Ragnarok: Firing up for the MCU’s end-game

The boyfriend and I lead semi-chaotic lives in our nerdy little realm here, and sometimes it gets easy to forget about the little things. That’s why we set up a date night fund between the two of us, so we always have a way to spend some time out and about together.

Last week, we used it to go see Thor: Ragnarok.

It had already been out for a week at that point, but the theatres around here were all sold out. Of course, as the person who avoids watching trailers too far in advance because of unreasonable excitement, I had been very carefully avoiding anything that might ruin the anticipation.


If you haven’t seen it yet, stop what you’re doing, go see it, and then pick up reading again at this point. There be spoilers ahead.

What I thought of Ragnarok

Marvel’s M.O. has been to do three feature films for each of its big characters, and as I pointed out earlier, the third movie is usually the game-changer.

That is exactly what happened with Ragnarok.

Overall, I thought it was incredibly well done. There were a few things that I had been expecting, like the whole Guardians-meets-Chuzzle vibe from the poster, and a few things I hadn’t.

For example, the logo used for Ragnarok is a throwback to the original comic art for the storyline, which mixes in a little Tron sensation for the modernization of Thor from his traditional Viking god ways.


It fit really well with the story, since you know, it’s about Thor leaving behind his traditional ways for a whole new fighting style.

Big monster!

Marvel has been experimenting with smaller team-ups for a while now, even before the Avengers hit the big screen. Remember those big roles Black Widow had in Iron Man 2 and the Winter Soldier?

This time, Marvel decided to play around with the Hulk, the only one who can really go toe-to-toe with the puny gods of Asgard.


The movie did an amazing job of personifying the Hulk, not just as the Hyde of Dr. Banner, but as his own character. Which, when you’ve been the superstar of an intergalactic coliseum for two years, you kind of deserve.

He actually converses, thinks, and makes conscious decisions, which is not something he’s been capable of in the past.

Okay, let’s get back on track now.

The goddess of death

The premise of the movie is that Thor needs to save his home world from Hela. Easy, right?

Well, maybe not.


Hela was really something else. Yes, I knew going in we were looking at the goddess of death, but I didn’t realize we were talking about Katarina from League turning into a green moose lady of doom who can spawn blades from nothing.

She’s the epitome of destruction, and I can’t help but wonder if she serves a greater purpose.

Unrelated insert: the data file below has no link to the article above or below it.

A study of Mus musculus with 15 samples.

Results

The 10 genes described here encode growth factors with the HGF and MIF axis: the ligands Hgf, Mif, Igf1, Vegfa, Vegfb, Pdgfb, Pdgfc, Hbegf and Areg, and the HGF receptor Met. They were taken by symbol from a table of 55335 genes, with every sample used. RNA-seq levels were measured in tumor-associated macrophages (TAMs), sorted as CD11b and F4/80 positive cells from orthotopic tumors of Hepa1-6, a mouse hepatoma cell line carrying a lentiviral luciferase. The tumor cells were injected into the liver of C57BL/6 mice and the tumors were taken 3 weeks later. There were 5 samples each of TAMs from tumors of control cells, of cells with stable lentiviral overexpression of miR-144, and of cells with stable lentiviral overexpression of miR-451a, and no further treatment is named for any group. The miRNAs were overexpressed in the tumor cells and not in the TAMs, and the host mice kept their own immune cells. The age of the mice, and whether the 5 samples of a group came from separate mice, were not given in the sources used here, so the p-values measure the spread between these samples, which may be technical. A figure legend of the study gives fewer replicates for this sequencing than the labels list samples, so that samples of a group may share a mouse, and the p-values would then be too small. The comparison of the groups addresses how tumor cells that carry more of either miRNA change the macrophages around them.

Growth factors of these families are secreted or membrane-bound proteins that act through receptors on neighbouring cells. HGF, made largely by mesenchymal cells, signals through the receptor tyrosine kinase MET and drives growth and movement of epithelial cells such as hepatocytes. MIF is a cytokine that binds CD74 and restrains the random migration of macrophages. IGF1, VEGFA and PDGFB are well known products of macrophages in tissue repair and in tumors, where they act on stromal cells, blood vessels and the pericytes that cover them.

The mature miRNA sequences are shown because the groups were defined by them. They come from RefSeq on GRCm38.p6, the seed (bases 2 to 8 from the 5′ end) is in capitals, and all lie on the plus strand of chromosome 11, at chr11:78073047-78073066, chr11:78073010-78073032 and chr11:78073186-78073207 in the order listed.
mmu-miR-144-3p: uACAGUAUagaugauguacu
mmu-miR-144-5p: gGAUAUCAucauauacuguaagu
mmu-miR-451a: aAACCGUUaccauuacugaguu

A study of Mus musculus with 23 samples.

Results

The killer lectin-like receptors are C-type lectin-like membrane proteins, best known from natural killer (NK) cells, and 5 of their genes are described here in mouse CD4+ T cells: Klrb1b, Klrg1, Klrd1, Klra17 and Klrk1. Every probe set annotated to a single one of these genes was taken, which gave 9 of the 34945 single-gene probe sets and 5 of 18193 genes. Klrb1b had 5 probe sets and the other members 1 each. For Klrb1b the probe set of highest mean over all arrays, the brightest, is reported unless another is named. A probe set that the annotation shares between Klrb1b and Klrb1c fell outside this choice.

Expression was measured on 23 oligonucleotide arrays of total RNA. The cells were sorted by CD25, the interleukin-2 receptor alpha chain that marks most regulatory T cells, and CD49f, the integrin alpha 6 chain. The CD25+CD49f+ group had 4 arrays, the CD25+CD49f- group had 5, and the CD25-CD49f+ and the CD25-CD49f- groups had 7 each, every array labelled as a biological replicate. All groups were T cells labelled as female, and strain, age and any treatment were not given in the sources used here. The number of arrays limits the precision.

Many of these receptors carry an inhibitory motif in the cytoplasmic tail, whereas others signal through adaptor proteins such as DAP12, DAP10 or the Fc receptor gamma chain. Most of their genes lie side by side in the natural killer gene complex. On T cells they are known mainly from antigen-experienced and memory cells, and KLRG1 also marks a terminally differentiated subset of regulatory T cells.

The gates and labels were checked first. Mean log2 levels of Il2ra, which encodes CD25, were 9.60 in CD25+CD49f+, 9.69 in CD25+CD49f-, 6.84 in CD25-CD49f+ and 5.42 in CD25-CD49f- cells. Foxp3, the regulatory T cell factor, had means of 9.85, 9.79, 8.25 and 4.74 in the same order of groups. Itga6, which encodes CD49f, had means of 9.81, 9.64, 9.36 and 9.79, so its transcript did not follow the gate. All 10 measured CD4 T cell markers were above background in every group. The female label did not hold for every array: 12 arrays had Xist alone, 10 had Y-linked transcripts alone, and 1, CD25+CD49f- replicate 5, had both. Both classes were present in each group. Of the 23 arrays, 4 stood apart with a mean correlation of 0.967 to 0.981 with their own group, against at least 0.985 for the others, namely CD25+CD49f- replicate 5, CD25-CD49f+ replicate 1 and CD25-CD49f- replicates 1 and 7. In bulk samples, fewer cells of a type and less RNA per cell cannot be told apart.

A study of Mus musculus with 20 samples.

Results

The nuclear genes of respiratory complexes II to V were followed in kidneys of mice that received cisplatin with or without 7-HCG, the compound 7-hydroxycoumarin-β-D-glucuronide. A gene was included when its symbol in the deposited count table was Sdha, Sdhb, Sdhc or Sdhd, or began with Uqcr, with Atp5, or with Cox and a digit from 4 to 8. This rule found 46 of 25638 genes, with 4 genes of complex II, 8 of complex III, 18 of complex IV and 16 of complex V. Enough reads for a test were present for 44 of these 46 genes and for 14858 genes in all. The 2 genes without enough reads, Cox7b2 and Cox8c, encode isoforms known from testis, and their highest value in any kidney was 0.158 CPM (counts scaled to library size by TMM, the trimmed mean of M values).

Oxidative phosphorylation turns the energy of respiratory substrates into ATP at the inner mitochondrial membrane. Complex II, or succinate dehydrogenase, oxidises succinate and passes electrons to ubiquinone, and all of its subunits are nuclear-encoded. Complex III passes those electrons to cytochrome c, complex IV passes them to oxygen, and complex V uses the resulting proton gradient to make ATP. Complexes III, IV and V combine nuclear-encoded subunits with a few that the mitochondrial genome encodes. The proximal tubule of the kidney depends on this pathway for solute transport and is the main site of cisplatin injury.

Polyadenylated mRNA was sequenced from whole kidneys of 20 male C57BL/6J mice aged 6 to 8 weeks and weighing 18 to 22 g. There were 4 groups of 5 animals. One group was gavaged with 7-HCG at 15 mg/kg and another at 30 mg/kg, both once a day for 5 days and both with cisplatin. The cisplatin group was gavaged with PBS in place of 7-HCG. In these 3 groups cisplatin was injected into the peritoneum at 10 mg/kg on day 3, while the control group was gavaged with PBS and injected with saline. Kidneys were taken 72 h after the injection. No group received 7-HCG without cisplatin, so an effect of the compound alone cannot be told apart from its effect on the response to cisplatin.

When she was introduced, she wasn’t explicitly named as the one Thanos was, well, interested in, but let’s look at the facts for a second. She’s a lady, she’s of death, and she’s possibly the most destructive force in the entire MCU.

The movie didn’t do anything to confirm my theories, but the hallmark postscript scene showed Thanos’ ship looming over Asgard after her defeat.

The timing and location were just too convenient to believe that Hela wasn’t the one Thanos was chasing—and if she wasn’t, I’m not sure I want to see how much more powerful Lady Death is than the lady who solo-killed the entire Asgardian army in a matter of minutes.

A vision of the future

It wouldn’t be a Marvel movie if there wasn’t some degree of sacrifice. In the case of Ragnarok, it was all tangible losses.

After Hela steals Thor’s thunder, Thor is left confused and directionless, which is where the relationship with his father came into play. We’ve seen their interactions before, but this movie did an amazing job of portraying the real relationship between Thor and his father.

In fact, after another tangible sacrifice, Thor ended up as the mirror image of his father—with an eyepatch. But did you notice it was on the opposite eye of Odin’s eyepatch?

To me, that hints at the opposite approaches the two take in guiding Asgard. It also tied in nicely with the climax of the movie, where Thor didn’t see the true vision and purpose of Ragnarok until he had lost his eye. His father saw one side, he saw the other, and it took the two of them to make it happen.

It also wouldn’t be a Marvel movie if someone didn’t learn something and concede a little bit of what they were before.

In Thor’s case, his hang-up has been Loki. He’s spent the entirety of his saga being taken in by Loki simply because they were brothers, and it was getting a little predictable—even for Thor.

In fact, following a delightful mini-monologue on the subject, Thor turns the tables on Loki, leaving him flabbergasted—and showing that Thor is capable of adapting, which maybe hasn’t been his strong suit until now.

Those are just a few of my garbled thoughts on Thor: Ragnarok, and overall, it’s definitely my favourite Thor movie so far. What did you think of it?